By Gustavo Coronel reprinted from Petroleum World

OPIC has just released a decision on a claim by INTESA, a company jointly owned by SAIC and PDVSA to manage the computing sector of the Venezuelan petroleum industry. In this decision OPIC concludes that the Venezuelan government has illegally expropriated INTESA and that its foreign shareholders (SAIC) are entitled to compensation for this expropriation.

The document is detailed and its findings can only be summarized here, together with the comments made by the President of the Venezuelan petroleum company, Petrňleos de Venezuela, Ali Rodriguez, and by the Venezuelan Ambassador to the US, Bernardo Alvarez.

Ali Rodriguez says that the decision by OPIC is “political” and lacks legal merits. According to him SAIC simply found political support in the US and went to OPIC to ask for an unfair compensation. He admits that OPIC tried to settle the dispute amicably but that “PDVSA refused since they are not allowed to dispose of national funds without a legal basis”. Ambassador Alvarez added that SAIC is a company “politically very powerful and secretive, used to operate through political backdoors” and suggested that both OPIC and SAIC should be investigated. In short, Alvarez defined these two organizations as gangster-like operators.

On the other hand the document of OPIC is so severe that the word gangster would seem to apply more to the Venezuelan government than to SAIC. The main conclusions of OPIC are:

1. The Venezuelan government has expropriated INTESA in an illegal manner, according to the contractual definition of this term.

2. The indemnification requested by INTESA is pertinent, and,

3. INTESA has fulfilled all its obligations with OPIC.

As a result, INTESA is entitled to a full indemnification, the amount of which will be established in a different document.

In order for OPIC to reach this decision it had to analyze the videos, documents, quotes from Venezuelan government officers and INTESA representatives, as submitted by this company. Some of the components of the decision, as listed in the document of OPIC, are:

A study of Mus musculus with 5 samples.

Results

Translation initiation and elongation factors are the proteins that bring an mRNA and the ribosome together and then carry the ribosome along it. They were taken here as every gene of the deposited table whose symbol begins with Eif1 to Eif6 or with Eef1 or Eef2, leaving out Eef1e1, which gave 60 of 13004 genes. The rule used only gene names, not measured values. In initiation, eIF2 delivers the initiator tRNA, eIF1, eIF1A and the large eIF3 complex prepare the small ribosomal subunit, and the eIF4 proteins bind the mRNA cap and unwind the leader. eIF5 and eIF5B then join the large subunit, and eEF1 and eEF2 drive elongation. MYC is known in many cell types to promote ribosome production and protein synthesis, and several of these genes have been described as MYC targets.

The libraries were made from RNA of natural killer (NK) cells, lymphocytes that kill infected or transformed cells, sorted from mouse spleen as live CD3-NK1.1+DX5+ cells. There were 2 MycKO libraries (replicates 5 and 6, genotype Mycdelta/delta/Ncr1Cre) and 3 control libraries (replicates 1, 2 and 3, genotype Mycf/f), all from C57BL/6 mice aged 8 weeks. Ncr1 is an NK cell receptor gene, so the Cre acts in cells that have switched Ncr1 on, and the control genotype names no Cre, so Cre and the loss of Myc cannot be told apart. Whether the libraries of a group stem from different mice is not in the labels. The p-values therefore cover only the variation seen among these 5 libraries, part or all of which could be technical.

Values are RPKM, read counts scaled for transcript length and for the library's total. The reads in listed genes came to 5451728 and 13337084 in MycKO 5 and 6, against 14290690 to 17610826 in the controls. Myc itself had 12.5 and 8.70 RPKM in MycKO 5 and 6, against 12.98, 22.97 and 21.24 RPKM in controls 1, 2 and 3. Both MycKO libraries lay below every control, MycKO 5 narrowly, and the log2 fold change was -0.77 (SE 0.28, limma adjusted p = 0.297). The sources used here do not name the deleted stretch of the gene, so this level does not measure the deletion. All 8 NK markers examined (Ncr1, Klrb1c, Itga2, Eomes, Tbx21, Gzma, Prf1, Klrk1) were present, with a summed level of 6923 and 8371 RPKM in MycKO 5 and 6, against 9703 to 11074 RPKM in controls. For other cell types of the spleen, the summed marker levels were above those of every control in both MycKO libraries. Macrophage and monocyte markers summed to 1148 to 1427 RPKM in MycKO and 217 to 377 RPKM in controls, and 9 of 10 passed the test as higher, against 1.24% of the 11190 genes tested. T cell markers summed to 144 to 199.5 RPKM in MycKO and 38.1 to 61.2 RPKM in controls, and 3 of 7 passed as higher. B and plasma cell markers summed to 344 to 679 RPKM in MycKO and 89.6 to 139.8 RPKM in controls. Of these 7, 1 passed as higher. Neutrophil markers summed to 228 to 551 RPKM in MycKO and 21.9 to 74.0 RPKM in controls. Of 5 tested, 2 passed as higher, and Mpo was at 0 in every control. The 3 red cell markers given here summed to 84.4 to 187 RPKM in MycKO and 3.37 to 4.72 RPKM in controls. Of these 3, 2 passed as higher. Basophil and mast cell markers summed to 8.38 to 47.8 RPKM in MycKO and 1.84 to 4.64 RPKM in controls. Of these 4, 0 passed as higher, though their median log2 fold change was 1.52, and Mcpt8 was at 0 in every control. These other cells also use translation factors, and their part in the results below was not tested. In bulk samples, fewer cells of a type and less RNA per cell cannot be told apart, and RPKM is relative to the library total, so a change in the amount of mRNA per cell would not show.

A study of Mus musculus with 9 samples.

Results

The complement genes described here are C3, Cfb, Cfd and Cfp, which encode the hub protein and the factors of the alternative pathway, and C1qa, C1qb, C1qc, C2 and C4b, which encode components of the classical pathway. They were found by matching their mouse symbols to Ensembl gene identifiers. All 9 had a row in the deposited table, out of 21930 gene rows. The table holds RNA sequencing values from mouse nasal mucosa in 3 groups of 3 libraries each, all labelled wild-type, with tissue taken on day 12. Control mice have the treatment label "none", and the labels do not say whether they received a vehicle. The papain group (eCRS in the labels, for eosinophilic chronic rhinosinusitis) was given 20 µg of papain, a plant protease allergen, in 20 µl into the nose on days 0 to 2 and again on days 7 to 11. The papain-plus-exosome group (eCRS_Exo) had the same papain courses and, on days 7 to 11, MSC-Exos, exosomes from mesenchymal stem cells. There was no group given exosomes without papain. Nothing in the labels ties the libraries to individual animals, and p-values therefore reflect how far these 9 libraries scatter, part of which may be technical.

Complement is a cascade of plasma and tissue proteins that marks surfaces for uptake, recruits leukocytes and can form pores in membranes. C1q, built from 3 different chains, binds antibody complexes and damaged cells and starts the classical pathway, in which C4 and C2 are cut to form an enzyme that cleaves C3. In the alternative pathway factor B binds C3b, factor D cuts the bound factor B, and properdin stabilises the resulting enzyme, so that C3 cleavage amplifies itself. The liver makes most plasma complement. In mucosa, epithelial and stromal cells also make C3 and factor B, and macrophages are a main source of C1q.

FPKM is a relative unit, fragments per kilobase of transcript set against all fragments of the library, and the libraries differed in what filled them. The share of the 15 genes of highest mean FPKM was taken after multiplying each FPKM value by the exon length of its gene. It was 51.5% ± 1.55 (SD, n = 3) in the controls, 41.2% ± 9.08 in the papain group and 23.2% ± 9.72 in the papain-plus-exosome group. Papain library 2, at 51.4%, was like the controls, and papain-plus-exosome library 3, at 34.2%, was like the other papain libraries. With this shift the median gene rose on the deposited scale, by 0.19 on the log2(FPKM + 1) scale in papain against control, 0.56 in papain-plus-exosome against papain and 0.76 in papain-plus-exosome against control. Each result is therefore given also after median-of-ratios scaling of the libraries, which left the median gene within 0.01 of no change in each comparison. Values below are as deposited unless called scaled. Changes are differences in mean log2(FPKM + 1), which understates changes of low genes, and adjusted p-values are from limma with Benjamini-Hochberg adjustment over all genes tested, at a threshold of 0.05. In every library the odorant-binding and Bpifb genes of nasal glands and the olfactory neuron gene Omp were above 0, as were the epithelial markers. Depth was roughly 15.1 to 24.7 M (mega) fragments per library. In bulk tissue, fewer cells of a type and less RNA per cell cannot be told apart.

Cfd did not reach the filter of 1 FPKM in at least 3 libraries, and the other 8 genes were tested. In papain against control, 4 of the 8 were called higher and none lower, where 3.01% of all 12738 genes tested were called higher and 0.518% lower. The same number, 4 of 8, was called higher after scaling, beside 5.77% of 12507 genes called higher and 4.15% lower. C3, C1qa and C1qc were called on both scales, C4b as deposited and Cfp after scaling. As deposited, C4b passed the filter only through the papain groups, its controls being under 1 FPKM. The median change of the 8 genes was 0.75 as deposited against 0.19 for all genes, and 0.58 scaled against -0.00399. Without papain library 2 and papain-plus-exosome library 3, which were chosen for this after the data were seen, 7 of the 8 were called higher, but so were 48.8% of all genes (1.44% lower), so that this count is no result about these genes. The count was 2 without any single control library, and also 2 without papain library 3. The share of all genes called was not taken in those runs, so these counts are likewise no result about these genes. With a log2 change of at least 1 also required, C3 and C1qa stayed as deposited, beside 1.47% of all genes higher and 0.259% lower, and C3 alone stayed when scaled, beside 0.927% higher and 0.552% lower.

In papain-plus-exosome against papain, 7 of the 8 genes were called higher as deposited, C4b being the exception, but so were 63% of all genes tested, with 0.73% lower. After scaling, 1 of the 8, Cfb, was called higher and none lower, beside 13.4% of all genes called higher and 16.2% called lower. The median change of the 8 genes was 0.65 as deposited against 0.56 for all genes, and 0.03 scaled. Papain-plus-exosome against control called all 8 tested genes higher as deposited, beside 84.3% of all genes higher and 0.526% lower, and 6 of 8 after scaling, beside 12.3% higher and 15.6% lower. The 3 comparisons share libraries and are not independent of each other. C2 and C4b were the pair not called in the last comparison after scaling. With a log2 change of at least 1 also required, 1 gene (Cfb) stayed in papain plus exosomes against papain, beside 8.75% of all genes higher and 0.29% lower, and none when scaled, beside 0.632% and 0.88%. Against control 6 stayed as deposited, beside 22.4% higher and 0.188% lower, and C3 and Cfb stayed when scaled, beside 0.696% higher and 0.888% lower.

1. The expropriation was ordered by the Venezuelan President, Hugo Chavez, in December 2002. At that moment Chavez ordered that the remote control access capability of INTESA be discontinued, while the company was still asked to fulfill its obligations. I guess this amounts to removing the tires from a car while asking the driver to keep going.

2. Chavez announced by TV and radio that INTESA was being “nationalized” because it was an arm of the CIA. He described the move as “nationalizing the brain of PDVSA”.

3. The offices of INTESA were taken over by the National Guard. The employees of INTESA were harassed by the armed guards and were refused access to their work stations.

4. In parallel, a tax claim for US$40 million against INTESA was introduced by the government. Documents which could have served to refute this claim were kept in an office to which INTESA had no longer access.

5. The take over of INTESA is discriminatory because it was based on unproven accusations made by the government of Venezuela against the government of the US in connection with the promotion of a “plot” against the Venezuelan government. It was arbitrary because it was based on the use of armed force which prevented INTESA staff from doing their jobs while, at the time, they were being required by the Venezuelan government to do so.

6. The expropriation has not been the object of fair compensation. According to OPIC the two main Venezuelan government agents responsible for this illegal act are President Hugo Chavez and PDVSA`s President Ali Rodriguez.

The first person gave the orders and the second person executed them. From the document it appears that the actions against INTESA employees, who had been originally PDVSA`s employees contributed significantly to the general protest of the oil managers and technical staff against the government of Hugo Chavez.

This document by OPIC is an important contribution to the history of the Venezuelan petroleum tragedy which has been taking place under the government of Chavez. This man speaks of the former oil employees he dismissed over national television as traitors, criminals and saboteurs. He claims they have caused great damage to the industry and to the country. Documents such as OPIC`s, however, cast a different light in the tragedy suggesting that the traitors, criminals ad saboteurs are probably on the other side of the fence. The confession made by Hugo Chavez before the National Assembly, in February 2004, to the effect that he had consciously promoted and provoked the crisis in the petroleum industry, in order to take its political control, combine with documents such as the one summarized here to indicate very strongly who the real gangsters are.

Real patriotism involves the search for justice and truth. It has to do with deeds and not with empty words. When Venezuela returns to being a democracy and a nation ruled by Law, the gangsters really responsible for the petroleum tragedy will be brought to justice.

*Gustavo Coronel is a 28 years oil industry veteran, a member of the first board of directors (1975-1979) of Petroleos de Venezuela (PDVSA), author of several books. At the present Coronel colaborates as the opinion-editorial editor of Petroleumworld en Espańol. Petroleumworld not necessarily share these views.